Using an appraiser in a high asset Colorado divorce

Most wealthy Colorado residents who are contemplating a divorce view property division as one of the most important – if not the most important – issue that must be resolved during the divorce process. Many couples are able to resolve all issues of property division without the stress and expense of a trial. For those couples that are unable to reach a mutual agreement on the division of their marital assets, retaining an appraiser may be the most effective way to anticipate and settle disputes about the value of various assets.

What does an appraiser do?

An experienced appraiser will provide an estimate of fair market value of marital assets. Most appraisers specialize in one or more types of appraisal. Many appraisers specialize in valuing real property. Other appraisers provide an estimate of the value of a family enterprise or the worth of works of art or antiques. These estimates can be used in negotiating a property division or as evidence in court if the couple is unable to agree on the value of their assets. Because valuing real estate is most often the centerpiece of asset division, the methodology used by real estate appraisers deserves a detailed look.

The methods of appraising real estate

In appraising a piece of real estate, the appraiser first conducts a physical examination of the property. The appraiser examines the size and physical condition of the property and takes note of any significant improvements, such as a swimming pool, attached garages, and custom kitchen. After making the physical inspection the appraiser will use one of three methods of estimating value: replacement cost, income approach, or comparable sales approach.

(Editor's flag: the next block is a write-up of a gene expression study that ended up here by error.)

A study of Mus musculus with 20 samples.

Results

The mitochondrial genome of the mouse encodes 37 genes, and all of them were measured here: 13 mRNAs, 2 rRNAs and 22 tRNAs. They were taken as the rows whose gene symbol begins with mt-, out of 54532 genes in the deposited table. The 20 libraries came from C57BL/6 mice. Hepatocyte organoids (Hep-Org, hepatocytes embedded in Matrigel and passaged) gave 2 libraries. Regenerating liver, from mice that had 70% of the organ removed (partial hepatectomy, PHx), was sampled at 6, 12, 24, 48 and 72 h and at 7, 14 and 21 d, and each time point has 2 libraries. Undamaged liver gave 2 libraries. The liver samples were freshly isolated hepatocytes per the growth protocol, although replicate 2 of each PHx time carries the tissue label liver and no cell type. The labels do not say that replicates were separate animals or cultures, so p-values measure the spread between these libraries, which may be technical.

Because the costs and labor and materials have probably experienced significant inflation after the house was built, this method is rarely used. Most residences are not income producing property, and the appraisal is completed using the comparable sales approach.

In this approach, the appraiser collects sales prices for sales of properties that are comparable to the subject parcel in size, age, location and general quality of design and construction. The appraiser then adjusts each comparable price based upon amenities, deficiencies and other factors that might affect the sale price. This estimate of value is then given to the client and the client’s attorney. If the couple does not agree on how to divide the house, the appraiser usually testifies at trial, and the written appraisal report is introduced into evidence.

Making informed decisions

Anyone facing a divorce that will involve the division of assets with significant value may wish to consult an experienced divorce attorney about the cost and advantages of retaining one or more experienced appraisers.